Tourism industry disappointed by RCL’s decision to ditch homeport plan
Tourism leaders reacted with disappointment yesterday after news broke that a Royal Caribbean cruise ship will not be based in Bermuda over the summer.
Charles Jeffers II, the chief executive officer of the Bermuda Tourism Authority, said the announcement that RCL’s Vision of the Seas would not homeport on the island was “disappointing”.
Mr Jeffers said: “Our team has worked for months alongside the government to develop a thoughtfully considered homeporting programme.
“Still, the loss means we must double down on our marketing efforts and continue to promote extended on-island stays for passengers.
“This is not the end of the road. Bermuda is open for business.”
Mr Jeffers added that tomorrow’s arrival of another cruise ship homeporting in Bermuda – Viking’s Orion – was good news for the island.
He said: “There has been significant demand for the eight-day Bermuda cruises.
“The Orion will visit the City of Hamilton, St George’s, and the Royal Naval Dockyard, bringing affluent cruisers keen to explore what Bermuda has to offer.
“Our retailers, attractions, and experience providers stand ready to the summer season.”
A spokeswoman for the BTA added that RCL’s decision was made after developments in the US which made it increasingly likely that companies could run regular cruises out of American ports.
The spokeswoman said: “Royal Caribbean made an internal business decision to suspend the Bermuda homeporting programme.
“The pause in Vision of the Seas sailings follows news of a proposed mid-July US port reopening and a slew of itinerary cancellations announced earlier this week.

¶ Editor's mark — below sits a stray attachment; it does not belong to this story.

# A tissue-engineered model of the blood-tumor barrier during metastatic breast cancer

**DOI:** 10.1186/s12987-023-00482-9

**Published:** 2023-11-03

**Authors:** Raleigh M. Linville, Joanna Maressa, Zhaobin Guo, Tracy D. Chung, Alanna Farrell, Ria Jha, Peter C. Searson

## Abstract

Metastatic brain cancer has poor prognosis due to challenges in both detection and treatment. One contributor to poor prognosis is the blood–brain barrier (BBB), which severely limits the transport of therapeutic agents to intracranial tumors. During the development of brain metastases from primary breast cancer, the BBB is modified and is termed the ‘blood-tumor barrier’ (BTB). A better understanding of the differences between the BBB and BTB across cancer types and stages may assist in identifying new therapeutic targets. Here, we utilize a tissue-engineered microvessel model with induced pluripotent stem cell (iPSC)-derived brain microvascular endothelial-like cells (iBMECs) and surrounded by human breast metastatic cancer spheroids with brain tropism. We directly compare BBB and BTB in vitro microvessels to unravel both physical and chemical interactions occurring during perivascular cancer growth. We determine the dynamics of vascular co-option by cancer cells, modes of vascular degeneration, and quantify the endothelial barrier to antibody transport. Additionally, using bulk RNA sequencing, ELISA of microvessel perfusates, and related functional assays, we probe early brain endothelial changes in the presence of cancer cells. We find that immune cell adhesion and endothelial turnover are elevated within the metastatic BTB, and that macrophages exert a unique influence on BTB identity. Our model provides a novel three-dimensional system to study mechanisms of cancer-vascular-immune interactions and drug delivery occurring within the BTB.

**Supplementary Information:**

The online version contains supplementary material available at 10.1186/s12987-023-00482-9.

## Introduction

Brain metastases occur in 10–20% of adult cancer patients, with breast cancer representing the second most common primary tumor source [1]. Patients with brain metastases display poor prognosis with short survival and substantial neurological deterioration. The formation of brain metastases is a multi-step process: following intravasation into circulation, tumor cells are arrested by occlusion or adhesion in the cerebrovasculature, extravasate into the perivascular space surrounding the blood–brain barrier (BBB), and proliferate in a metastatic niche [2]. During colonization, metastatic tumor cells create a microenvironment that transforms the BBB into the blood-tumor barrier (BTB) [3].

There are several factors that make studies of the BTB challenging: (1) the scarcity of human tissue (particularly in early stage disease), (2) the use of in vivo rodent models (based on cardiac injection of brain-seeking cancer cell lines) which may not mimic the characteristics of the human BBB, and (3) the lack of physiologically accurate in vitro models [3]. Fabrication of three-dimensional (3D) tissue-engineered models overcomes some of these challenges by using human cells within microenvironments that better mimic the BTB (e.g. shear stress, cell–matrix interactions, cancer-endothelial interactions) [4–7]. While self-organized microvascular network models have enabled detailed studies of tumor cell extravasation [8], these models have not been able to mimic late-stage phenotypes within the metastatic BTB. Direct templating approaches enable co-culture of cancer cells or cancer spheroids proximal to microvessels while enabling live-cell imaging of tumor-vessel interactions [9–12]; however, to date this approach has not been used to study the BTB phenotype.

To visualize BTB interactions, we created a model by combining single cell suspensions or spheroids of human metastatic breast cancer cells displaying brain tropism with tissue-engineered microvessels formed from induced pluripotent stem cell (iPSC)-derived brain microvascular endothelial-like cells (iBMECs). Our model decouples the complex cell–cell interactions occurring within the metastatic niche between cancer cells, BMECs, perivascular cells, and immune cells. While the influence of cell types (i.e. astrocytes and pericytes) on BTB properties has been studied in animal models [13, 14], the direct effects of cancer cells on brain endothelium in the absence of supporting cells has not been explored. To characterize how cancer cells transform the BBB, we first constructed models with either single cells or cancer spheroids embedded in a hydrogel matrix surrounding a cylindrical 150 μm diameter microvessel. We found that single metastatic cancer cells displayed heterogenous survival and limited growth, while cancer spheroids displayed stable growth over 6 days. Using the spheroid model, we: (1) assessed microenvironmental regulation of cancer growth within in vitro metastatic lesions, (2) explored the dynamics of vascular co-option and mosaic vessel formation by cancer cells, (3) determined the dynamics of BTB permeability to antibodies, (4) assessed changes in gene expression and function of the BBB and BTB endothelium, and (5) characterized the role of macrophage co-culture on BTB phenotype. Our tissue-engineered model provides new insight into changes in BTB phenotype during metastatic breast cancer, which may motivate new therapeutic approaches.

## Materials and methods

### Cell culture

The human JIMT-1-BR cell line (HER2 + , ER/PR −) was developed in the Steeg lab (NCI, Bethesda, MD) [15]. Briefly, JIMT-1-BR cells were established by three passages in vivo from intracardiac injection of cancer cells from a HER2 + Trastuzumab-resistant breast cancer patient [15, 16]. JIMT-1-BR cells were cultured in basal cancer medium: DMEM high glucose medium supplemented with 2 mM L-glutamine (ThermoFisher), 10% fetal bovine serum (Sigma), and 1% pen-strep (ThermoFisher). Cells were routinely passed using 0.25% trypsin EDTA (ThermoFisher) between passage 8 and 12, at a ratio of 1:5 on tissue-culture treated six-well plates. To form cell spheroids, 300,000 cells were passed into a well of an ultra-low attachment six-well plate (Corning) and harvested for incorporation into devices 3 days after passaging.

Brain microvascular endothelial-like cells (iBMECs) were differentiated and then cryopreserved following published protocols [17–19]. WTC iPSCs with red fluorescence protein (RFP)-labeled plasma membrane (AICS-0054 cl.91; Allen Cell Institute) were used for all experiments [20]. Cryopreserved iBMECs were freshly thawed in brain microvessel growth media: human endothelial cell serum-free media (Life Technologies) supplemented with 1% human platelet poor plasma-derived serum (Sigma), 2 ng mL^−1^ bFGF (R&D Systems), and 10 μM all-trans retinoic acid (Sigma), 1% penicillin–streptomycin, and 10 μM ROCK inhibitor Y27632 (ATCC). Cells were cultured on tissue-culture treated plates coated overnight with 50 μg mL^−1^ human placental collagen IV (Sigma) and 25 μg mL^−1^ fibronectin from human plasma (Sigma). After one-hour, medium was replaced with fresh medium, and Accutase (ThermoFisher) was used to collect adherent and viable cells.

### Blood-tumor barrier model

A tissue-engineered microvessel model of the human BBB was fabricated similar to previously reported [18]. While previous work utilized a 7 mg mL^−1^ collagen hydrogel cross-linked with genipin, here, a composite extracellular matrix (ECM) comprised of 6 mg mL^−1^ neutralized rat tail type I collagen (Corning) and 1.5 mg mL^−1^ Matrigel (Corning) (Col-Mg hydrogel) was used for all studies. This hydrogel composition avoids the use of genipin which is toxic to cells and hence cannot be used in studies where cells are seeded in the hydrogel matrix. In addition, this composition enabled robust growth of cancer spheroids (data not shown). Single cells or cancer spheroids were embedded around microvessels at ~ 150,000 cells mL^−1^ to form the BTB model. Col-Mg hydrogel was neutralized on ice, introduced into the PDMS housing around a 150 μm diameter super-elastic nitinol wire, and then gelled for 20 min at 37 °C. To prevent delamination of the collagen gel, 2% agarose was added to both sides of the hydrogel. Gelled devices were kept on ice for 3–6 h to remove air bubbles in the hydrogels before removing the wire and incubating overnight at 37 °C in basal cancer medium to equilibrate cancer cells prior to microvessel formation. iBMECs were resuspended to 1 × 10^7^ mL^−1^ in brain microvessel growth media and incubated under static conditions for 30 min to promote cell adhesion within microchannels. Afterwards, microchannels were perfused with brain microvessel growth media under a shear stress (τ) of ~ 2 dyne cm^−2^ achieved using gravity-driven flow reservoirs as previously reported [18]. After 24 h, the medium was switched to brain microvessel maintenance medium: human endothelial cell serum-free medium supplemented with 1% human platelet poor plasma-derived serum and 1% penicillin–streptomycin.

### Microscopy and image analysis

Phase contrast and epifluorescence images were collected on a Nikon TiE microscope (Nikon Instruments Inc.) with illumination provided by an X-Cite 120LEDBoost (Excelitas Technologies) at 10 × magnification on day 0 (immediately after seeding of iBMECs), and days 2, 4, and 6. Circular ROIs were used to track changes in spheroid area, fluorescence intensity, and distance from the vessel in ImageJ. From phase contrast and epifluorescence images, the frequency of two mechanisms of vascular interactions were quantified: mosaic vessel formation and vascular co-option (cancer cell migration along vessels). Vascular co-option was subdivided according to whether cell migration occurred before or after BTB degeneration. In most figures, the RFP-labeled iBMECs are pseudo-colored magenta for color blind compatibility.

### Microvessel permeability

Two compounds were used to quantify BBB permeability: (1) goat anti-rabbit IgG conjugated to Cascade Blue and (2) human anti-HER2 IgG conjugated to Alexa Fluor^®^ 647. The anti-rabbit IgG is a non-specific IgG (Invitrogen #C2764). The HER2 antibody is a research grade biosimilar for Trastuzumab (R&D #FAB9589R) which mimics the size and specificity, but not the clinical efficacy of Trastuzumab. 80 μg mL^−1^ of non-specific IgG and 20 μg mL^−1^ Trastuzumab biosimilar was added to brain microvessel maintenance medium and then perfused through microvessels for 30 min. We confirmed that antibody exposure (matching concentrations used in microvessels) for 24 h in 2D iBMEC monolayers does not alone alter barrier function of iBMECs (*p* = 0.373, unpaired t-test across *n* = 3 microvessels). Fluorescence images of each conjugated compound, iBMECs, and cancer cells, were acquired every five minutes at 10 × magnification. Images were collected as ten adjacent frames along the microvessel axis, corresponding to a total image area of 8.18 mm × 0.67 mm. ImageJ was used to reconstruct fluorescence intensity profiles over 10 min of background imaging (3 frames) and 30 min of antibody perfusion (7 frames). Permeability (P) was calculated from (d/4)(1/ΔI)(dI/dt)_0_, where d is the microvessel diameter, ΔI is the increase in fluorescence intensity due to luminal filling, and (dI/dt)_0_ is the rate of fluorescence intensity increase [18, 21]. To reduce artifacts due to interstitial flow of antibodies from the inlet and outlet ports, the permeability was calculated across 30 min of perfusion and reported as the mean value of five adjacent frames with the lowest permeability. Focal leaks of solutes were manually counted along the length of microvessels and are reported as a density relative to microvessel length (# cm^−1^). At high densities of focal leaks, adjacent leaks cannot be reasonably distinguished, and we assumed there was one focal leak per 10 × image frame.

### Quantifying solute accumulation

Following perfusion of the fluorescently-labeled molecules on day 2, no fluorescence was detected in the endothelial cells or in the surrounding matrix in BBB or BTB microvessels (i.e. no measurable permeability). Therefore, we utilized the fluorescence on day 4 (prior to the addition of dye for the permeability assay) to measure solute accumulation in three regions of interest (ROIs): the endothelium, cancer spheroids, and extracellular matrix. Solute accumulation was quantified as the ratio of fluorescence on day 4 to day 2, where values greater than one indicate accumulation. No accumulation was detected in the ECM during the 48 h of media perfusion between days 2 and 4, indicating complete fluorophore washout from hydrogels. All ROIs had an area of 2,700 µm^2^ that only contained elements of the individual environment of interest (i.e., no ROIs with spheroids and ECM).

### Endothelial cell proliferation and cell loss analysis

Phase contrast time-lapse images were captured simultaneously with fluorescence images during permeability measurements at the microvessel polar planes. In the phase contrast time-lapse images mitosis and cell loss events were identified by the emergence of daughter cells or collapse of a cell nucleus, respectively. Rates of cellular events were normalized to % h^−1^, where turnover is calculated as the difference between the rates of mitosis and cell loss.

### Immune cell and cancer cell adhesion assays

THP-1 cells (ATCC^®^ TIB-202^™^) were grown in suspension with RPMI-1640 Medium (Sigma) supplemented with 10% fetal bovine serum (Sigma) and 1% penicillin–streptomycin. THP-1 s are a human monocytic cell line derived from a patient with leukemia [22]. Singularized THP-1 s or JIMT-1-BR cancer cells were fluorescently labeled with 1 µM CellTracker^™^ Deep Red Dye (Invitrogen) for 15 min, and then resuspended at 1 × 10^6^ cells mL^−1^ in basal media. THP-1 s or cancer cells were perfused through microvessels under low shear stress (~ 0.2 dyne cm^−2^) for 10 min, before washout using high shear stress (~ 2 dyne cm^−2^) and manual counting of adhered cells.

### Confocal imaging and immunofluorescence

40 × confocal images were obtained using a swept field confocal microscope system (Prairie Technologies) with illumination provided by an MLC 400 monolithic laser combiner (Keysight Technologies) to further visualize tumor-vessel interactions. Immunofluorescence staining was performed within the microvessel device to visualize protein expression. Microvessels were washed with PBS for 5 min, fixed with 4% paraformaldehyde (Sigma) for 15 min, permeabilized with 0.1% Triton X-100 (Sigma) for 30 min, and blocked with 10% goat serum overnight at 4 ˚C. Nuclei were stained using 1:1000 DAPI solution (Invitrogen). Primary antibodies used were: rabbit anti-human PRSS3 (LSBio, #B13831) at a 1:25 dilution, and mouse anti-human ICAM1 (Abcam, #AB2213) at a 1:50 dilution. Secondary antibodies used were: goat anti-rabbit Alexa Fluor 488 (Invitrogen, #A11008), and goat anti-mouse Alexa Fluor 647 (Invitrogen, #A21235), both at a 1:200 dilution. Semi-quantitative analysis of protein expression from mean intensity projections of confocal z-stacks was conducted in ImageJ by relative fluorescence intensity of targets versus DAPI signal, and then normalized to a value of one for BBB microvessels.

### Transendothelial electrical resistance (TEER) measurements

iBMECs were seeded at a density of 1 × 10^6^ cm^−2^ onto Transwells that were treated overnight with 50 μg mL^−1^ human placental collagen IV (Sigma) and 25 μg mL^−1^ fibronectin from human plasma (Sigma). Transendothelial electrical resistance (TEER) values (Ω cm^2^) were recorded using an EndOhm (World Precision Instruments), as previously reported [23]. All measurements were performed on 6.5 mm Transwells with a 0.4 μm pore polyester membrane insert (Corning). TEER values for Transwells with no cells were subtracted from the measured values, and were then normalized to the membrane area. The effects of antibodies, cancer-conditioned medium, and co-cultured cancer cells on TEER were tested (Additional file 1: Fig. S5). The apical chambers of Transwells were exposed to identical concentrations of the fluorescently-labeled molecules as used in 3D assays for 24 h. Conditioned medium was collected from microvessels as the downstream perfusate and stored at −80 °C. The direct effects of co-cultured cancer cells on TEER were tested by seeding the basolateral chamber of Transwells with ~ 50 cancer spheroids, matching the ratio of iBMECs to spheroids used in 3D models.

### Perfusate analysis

She added: “Royal Caribbean remains a valued tourism partner and we look forward to welcoming them back alongside our air and cruise visitors later this year.”
She said the BTA was only informed of the decision yesterday, as was Stephen Todd, the chief executive officer of the Bermuda Hotel Association.
Mr Todd said: “It wasn’t something that our association had anticipated, given that when the homeporting initiative was first announced earlier this year.
He added hoteliers had seen the homeporting scheme as an opportunity to get cruise passengers to extend their stay at a resort.
Mr Todd said: This was being viewed by both the Bermuda Tourism Authority and the Bermuda Hotels Association as a marketing opportunity for Bermuda to convert cruise passengers to extend their stay on island at one of the hotel properties, and strategic marketing was being developed to promote this.“
But Mr Todd added that the possibility became less likely when Royal Caribbean started to offer cheap flights to the island to encourage US travellers to take a cruise.
He added that cruise passengers would probably also have been hit with penalties if they changed their travel dates once on the island.
Mr Todd said: “However, given this development, the BHA continues to work closely with the BTA and the Bermuda Government in ensuring that we concentrate our efforts on promoting Bermuda as a safe travel destination, especially for those future international visitors who are fully immunised and are seeking to satisfy their pent up travel desires.”